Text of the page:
The Saudis apparently are upset because Washington did not bomb Syrian government forces after the Assad regime’s use of chemical weapons. Yet the very same royal regime subsidized Saddam Hussein’s Iraq in its aggressive war, which included use of chemical weapons, against Iran.
Similarly, today Saudis oppose human rights in next door Bahrain, offering military backing for the repressive Sunni royal family against the Shia popular majority. The Saudis are irritated because Washington has offered less than fulsome praise for the Bahraini royals’ willing to shoot and imprison demonstrators and dissidents alike.
Nor do the Saudis worry about the oppressed in Egypt. To the contrary, Riyadh is firmly on the side of Egypt’s murderous military, and angry that the administration has cut aid to Cairo’s killers.
Finally, the Saudi government is appalled that Washington is negotiating with rather than bombing Iran. The Wall Street Journal’s Karen Elliott House noted that the royals were concerned that a deal would boost “Iran’s prestige and influence at the expense of Saudi Arabia.”
While Washington shouldn’t be concerned about maintaining Saudi influence, the U.S. understandably prefers that Tehran not get a nuke. However, another war against another Muslim nation in the Middle East would be a disaster.
Alas, America’s unhappy pampered allies are issuing threats. The Saudi regime reportedly has downgraded ties with the CIA in aiding Syrian rebels and threatened a “major shift” in dealing with America. Washington Post columnist David Ignatius noted that Saudi officials said “they increasingly regarded the U.S. as unreliable and would look elsewhere for their security.” Moreover, the Saudis apparently announced they no longer will favor U.S. munitions makers.
Americans should respond, so what? Washington should encourage the Saudis to find another sucker to protect their exploitative regime. The Chinese? Good luck. How about the Russians? After years of war in Chechnya and terrorist attacks in Russia, helping the publicly pious royals isn’t likely to top Moscow’s list.
The Europeans? They ain’t got much of a military and aren’t likely to use it for a regime so at odds with liberal European values. Who else? Author Christopher Davidson argued that “Saudi Arabia is retreating into its shell of countries that surround it and who rely on its aid and good will.” If so, why should Washington object?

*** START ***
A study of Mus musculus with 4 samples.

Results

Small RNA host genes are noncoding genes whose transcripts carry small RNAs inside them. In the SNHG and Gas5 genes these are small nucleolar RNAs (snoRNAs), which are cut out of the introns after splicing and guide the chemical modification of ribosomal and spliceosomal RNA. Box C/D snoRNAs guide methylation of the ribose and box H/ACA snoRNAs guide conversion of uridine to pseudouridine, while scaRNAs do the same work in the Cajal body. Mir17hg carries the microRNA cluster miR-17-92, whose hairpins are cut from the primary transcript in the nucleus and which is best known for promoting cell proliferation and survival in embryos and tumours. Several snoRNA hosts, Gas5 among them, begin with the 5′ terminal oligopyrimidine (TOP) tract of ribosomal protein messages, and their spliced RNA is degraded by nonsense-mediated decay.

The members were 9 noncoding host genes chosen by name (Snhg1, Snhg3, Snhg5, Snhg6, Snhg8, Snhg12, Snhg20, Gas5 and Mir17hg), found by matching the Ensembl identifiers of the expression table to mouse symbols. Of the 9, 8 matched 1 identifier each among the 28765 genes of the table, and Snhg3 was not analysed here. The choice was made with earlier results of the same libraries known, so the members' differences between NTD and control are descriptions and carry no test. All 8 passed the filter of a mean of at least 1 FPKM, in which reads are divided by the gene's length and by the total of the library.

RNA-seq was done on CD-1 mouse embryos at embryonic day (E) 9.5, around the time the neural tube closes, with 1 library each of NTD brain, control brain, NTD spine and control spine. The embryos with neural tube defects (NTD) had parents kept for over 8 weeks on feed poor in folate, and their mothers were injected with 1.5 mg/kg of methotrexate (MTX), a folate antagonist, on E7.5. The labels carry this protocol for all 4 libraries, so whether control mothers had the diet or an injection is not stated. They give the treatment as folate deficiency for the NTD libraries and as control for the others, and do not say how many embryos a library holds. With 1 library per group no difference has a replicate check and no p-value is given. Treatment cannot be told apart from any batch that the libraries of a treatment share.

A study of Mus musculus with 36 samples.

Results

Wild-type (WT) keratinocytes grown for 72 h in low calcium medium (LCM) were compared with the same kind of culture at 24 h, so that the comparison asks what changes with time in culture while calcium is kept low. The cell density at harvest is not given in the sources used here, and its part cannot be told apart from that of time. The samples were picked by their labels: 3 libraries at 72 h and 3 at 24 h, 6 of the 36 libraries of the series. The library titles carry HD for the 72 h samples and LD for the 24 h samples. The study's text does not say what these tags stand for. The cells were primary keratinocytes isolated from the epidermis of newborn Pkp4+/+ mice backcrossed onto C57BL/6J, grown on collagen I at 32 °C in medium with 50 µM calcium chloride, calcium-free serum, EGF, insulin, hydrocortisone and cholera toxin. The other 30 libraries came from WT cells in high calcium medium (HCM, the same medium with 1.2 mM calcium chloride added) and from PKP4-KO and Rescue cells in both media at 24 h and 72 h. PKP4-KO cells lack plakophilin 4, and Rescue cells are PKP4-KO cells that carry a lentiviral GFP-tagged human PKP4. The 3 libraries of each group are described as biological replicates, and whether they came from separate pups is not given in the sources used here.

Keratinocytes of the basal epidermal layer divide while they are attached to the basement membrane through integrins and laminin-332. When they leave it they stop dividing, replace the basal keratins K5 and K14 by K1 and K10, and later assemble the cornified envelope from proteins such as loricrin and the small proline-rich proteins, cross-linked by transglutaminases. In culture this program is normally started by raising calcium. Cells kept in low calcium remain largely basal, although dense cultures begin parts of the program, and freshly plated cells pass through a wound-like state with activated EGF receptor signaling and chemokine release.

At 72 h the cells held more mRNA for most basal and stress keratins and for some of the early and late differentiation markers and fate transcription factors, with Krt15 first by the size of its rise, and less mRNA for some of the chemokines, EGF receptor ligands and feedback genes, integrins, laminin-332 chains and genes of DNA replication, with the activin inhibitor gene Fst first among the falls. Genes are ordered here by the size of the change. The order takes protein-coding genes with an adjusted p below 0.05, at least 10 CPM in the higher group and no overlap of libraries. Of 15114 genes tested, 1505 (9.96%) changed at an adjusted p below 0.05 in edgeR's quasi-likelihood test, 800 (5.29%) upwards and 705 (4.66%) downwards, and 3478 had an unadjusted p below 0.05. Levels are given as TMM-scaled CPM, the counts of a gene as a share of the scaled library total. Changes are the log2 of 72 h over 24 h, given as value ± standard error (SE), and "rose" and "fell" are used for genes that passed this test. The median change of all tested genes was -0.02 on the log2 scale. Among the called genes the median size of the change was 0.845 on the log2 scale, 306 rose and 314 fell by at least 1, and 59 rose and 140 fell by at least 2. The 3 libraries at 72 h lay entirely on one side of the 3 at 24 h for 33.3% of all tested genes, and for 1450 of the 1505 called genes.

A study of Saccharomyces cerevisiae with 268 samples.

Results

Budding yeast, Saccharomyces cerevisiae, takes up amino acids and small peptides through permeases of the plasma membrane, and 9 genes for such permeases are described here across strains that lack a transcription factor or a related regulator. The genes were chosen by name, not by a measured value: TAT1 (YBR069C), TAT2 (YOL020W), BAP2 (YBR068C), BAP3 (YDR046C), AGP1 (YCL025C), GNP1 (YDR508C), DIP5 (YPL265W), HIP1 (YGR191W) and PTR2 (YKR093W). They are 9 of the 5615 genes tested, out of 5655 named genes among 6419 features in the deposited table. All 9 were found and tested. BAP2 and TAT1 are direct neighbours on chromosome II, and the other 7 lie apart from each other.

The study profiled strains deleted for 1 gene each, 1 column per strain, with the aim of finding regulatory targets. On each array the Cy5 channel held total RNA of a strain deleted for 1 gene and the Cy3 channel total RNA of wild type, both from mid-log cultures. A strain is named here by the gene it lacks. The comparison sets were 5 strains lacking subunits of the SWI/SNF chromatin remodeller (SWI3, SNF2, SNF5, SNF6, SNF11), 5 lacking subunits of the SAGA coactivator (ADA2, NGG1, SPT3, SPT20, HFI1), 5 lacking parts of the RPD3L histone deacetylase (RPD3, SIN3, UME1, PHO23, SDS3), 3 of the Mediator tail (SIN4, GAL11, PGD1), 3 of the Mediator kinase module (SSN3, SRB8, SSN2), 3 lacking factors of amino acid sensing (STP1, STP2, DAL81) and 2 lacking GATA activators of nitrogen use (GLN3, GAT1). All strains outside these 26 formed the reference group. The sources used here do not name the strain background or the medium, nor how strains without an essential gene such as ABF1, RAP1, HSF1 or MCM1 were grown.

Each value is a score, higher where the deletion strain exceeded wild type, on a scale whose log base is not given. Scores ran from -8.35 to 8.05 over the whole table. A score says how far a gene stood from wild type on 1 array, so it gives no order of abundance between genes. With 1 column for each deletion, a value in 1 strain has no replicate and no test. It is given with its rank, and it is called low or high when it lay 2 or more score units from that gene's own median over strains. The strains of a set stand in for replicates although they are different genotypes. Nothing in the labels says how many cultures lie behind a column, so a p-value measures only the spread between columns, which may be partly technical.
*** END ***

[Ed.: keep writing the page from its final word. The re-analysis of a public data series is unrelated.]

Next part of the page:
Riyadh could limit intelligence sharing and anti‐terrorism cooperation with Washington. However, doing so would increase the royals’ vulnerability. Nor is Riyadh’s refusal to serve on the Security Council a problem for America. As a U.S. diplomat told Foreign Policy blogger Colum Lynch, “Our interests increasingly don’t align.” In fact, the two nations’ interests long have been substantially out of sync.
The Saudis support radical rebels in Syria who may be as interested in killing Americans as in killing Bashar al-Assad’s soldiers. Riyadh was one of the few governments to recognize the Taliban regime in Afghanistan. The royals made little effort to curb funding for al‐Qaeda until the latter was foolish enough to challenge the House of Saud—for being corrupt, libertine hypocrites.
Admittedly, it isn’t only Saudi Arabia which is upset with the Obama administration’s inconsistent approach to the Middle East’s endless complexities. The United Arab Emirates, Kuwait, Turkey, and even Israel have assigned Washington tasks which it has refused to carry out, much to their distress.
However, American policy should be designed to serve the interests of Americans.
Alliances should be a means to advance U.S. security. Alas, in recent years America’s alliances have become ends in themselves, a measure of international popularity a bit like accumulating “friends” on Facebook.
Worse, undemocratic frenemies use alliances to manipulate U.S. policy for their own ends. Washington might not be able to stop the Saudis from promoting tyranny and war. But the U.S. shouldn’t aid them in their quest.